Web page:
FGM Lieutenant General
Oct 11, 2010
The Sd.Kfz. 251 half-track was an armored fighting vehicle designed and first built by the Hanomag company during WWII.-

Was designed to transport the panzergrenadiers of the German mechanized infantry corps into battle. Sd.Kfz. 251s were the most widely produced German half-tracks of the war, with over 15,252 vehicles and variants produced in total by various manufacturers, and were commonly referred to simply as "Hanomags" by both German and Allied soldiers.-

Arguably one the the best units in the Wehrmacht.
I believe they reached the furthest west during the Battle of the Bulge.
Nice pic Nort.
I wonder if that was in the Falaise Gap?
Exact, exact, I don't know.
The picture is related to the night action of July 29-30, 1944, during the Normandy campaign. It was during a furious armored battle that isolated and badly outnumbered elements of Combat Command B found themselves squarely in the path of the 2nd and 7th SS Panzer divisions and elements of the 6th Parachute Regiment.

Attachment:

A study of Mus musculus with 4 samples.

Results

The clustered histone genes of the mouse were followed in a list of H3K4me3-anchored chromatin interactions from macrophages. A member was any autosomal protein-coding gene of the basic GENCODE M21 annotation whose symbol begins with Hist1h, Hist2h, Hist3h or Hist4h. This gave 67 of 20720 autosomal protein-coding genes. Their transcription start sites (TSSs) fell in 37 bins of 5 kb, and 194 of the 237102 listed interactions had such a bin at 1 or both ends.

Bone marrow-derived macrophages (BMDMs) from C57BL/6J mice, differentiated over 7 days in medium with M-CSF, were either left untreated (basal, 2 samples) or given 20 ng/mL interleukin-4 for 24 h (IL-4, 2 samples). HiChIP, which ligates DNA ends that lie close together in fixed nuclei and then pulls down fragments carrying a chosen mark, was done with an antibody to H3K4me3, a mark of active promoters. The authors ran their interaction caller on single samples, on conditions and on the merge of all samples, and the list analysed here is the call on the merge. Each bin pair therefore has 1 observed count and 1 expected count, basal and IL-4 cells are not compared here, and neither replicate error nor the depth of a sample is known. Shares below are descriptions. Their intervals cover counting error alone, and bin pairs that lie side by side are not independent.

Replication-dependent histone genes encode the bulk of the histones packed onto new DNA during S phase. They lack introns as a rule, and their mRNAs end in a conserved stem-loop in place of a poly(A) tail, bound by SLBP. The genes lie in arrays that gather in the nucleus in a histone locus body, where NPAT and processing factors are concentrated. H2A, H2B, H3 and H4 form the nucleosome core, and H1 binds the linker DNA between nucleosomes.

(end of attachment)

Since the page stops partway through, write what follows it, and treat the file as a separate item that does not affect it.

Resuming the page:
Throughout the night, the GIs from CCB fought a series of tough, independent actions against the SS tankers that were determined to break through their positions. As the sun rose over the battlefield, the survivors of CCB were shocked at the destruction they had caused in what the locals had called, since the Hundred Years’ War, the “Land of the Dead.”
I had no idea, thanks @Louis !

High-quality paint was not always available in large enough quantities, so another very common solution was whitewash, an inexpensive paint or stain made from lime and chalk dissolved in water. While readily available, whitewash is not very durable and would wash or wear off fairly quickly. This also meant it could be removed quite easily in spring.

Paint or whitewash were applied in almost every way conceivable, from cleanly brushing or spraying it on in field workshops, to slopping it on with brooms and mops. In many cases, crews appear to have splashed paint on directly from a bucket.